Top Saudi scholar says Muslims may pray in churches and synagogues

Abdullah bin Sulaiman Al-Manea
Updated 10 November 2017

Top Saudi scholar says Muslims may pray in churches and synagogues

JEDDAH: Abdullah bin Sulaiman Al-Manea, a member of the Council of Senior Scholars, has said that Islam is a religion of tolerance and mercy, not of violence, intolerance, or terrorism. Al-Manea stressed that Muslims should spread true Islam and follow the tradition of the Prophet in his tolerant treatment of people from different religions.
Al-Manea gave a fatwa (religious advisory opinion), reported by Al-Anba’ Kuwaiti newspaper, stating that Muslims may pray in Shiite or Sufi mosques, churches or synagogues. He noted that all lands belong to God, and cited the Prophet’s words: “The earth has been made a place of prostration and a means of purification for me.”
Al-Manea said that Islam is a religion of coexistence not of violence, and noted that Muslims cannot have differences in the basic principles of Aqidah (creed) of Islam, but they may differ in the branches.
Concerning dealing with non-Muslims, Al-Manea cited an occasion when the Prophet received a delegation of Christians from Najran in his mosques, and he allowed them to perform their own prayer facing Jerusalem. Al-Manea also cited other sayings of the Prophet which reflected his kindness and mercy with non-Muslims.
Al-Manea stressed that Islam spread in many countries, such as Indonesia and Malaysia, because of the good manners of Muslim merchants, which attracted the citizens of these countries to embrace Islam.
Al-Manea stated that the Prophet explained all aspects of good and warned of everything evil. Al-Manea called upon Muslims to be thankful to God for the blessing of faith and warned against rushing into giving fatwas.
The office of Al-Manea issued a statement 10 years ago stressing that Muslims are allowed to enter churches to look around and gain more knowledge about these places of worship. The statement referred to the incident when Omar bin Al-Khattab, the second Muslim Caliph, refused to pray at the Church of the Holy Sepulchre in Jerusalem because he did not want Muslims to bother Christians in their church. Instead, he prayed in a nearby area, where a mosque was built with the name Omar Mosque. Yet, Omar did not say that Muslims cannot enter churches.
Al-Manea stressed that Muslims “may enter churches to learn about them, and Christians are allowed to enter mosques — except the Grand Mosque in Makkah — and pray in them.”


Saudi Arabia's envoy to UK: We won’t allow Iran to meddle in region 

Updated 19 min 19 sec ago

Saudi Arabia's envoy to UK: We won’t allow Iran to meddle in region 

  • “You cannot give in to a country like Iran because they will see it as a sign of weakness,” Prince Khalid said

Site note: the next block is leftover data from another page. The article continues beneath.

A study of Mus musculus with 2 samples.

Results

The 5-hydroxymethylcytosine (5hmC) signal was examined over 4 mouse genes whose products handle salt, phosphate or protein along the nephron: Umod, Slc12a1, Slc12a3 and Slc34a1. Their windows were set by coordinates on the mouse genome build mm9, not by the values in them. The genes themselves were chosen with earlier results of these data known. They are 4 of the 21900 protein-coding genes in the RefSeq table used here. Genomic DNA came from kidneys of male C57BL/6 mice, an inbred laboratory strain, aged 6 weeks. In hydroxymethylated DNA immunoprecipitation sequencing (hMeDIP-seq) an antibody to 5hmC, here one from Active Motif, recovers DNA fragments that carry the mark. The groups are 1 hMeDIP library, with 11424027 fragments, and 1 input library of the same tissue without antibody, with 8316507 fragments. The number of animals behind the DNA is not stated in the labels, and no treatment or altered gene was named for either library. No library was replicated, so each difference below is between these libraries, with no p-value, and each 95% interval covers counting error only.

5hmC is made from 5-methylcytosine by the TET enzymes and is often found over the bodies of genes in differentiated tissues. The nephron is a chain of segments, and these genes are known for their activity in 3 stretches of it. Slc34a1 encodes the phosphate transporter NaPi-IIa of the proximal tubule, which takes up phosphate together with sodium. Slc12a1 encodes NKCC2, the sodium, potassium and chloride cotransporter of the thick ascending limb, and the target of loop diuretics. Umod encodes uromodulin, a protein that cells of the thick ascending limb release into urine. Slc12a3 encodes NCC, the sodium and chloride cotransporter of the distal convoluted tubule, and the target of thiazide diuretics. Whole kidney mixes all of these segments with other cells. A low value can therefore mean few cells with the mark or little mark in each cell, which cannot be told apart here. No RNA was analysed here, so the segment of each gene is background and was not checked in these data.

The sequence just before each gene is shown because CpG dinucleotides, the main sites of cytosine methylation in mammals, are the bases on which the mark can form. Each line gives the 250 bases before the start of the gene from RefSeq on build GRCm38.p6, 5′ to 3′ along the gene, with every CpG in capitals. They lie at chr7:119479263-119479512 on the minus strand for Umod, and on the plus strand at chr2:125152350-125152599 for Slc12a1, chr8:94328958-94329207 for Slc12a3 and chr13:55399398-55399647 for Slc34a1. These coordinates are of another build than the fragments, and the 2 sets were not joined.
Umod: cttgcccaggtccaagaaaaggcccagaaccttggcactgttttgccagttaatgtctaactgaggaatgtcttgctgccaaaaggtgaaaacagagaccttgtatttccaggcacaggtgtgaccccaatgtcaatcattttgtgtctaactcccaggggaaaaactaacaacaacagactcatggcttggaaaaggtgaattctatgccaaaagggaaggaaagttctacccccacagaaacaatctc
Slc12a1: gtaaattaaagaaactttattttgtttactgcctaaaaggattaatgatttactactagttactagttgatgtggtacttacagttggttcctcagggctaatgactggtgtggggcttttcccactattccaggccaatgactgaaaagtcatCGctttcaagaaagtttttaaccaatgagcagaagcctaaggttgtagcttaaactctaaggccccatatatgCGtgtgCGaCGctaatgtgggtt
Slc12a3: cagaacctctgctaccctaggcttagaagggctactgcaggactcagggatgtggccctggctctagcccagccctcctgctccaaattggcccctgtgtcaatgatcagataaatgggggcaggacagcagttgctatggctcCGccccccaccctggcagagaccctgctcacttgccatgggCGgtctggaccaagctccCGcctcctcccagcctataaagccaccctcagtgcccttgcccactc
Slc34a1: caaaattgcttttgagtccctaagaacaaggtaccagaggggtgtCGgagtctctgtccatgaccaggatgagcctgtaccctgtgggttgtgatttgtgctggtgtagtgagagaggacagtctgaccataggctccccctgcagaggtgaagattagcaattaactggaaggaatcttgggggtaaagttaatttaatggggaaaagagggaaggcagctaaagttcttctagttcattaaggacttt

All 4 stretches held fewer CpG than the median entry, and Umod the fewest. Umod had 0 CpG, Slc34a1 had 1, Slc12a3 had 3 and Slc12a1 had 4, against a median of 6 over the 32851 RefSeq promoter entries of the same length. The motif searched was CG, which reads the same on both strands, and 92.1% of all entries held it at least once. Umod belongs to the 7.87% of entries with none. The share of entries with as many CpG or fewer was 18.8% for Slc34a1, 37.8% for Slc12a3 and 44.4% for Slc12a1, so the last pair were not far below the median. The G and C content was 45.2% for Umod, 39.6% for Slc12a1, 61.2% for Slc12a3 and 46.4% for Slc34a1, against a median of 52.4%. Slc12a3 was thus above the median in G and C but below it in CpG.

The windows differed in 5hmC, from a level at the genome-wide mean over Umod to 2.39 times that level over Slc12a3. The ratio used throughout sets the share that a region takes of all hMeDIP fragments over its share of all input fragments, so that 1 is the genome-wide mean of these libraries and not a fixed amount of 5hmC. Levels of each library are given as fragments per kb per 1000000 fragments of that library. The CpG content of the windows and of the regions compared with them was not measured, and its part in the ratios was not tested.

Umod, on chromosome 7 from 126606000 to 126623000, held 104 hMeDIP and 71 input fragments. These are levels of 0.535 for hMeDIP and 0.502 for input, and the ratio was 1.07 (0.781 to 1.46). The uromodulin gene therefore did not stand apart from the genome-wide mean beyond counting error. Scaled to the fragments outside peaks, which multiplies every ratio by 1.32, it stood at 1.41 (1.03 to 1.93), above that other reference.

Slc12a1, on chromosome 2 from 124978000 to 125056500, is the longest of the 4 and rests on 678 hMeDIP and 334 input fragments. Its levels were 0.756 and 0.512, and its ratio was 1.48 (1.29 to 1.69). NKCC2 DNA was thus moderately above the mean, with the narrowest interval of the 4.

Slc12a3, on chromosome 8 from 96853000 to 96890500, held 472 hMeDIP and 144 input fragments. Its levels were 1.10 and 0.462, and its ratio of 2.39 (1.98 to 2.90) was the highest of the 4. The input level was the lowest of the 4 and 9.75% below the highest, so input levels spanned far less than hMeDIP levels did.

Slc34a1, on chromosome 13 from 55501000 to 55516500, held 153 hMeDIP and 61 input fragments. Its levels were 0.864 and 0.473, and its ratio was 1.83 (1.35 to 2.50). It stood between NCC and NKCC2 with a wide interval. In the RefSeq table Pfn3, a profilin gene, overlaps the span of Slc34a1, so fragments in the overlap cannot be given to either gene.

• The ambassador encouraged people to visit his country before forming an opinion of it

LONDON: Riyadh does not seek conflict with Tehran but will not let “Iran’s meddling in the region” go unchecked, said the Saudi ambassador to Britain. 
“We do not seek conflict. We do not seek escalation. We have always been supporters of taking a firm stand against Iran. Our issue is not with the people of Iran, it is with the regime running the country,” Prince Khalid bin Bandar bin Sultan told the Daily Telegraph. 
“But we do not believe in appeasement. At no point in history has appeasement proved to be a successful strategy. You cannot give in to a country like Iran because they will see it as a sign of weakness.”
France, Germany and the UK, three of the signatories to the Joint Comprehensive Plan of Action (JCPOA), triggered a “dispute resolution mechanism” recently in response to Iran ramping up its nuclear program in violation of the deal.
Prince Khalid criticized the JCPOA because it does not address “all the other things that Iran” is doing in the region.
“Iran’s meddling in the region is as challenging as the nuclear program. This is why we were concerned with the nuclear deal,” he said.
The ambassador also touched on recent allegations that Saudi Crown Prince Mohammed bin Salman was involved in hacking the phone of Amazon CEO Jeff Bezos.
“It is very easy for people to throw these unsubstantiated allegations against Saudi Arabia because they know that it is very difficult for Riyadh to defend itself when it does not have proper access to the details,” Prince Khalid said.
“We need to see the evidence before we make any response, because the evidence made public so far is circumstantial at best.”
Saudis do not always represent themselves well because they are “a reticent people and our culture does not push us to talking about ourselves,” he said. “We need to do a better job on showing the world who we really are.” 
The ambassador, who was appointed last year, encouraged people to visit his country before forming an opinion of it. 
“There are a lot of misconceptions about Saudi Arabia. We want people to come and see Saudi Arabia for themselves, and not rely on what they have read somewhere or heard somewhere to form their opinion of the country,” he said.
“There is plenty to see, and you will find a warm, generous and hospitable people there waiting to greet you.”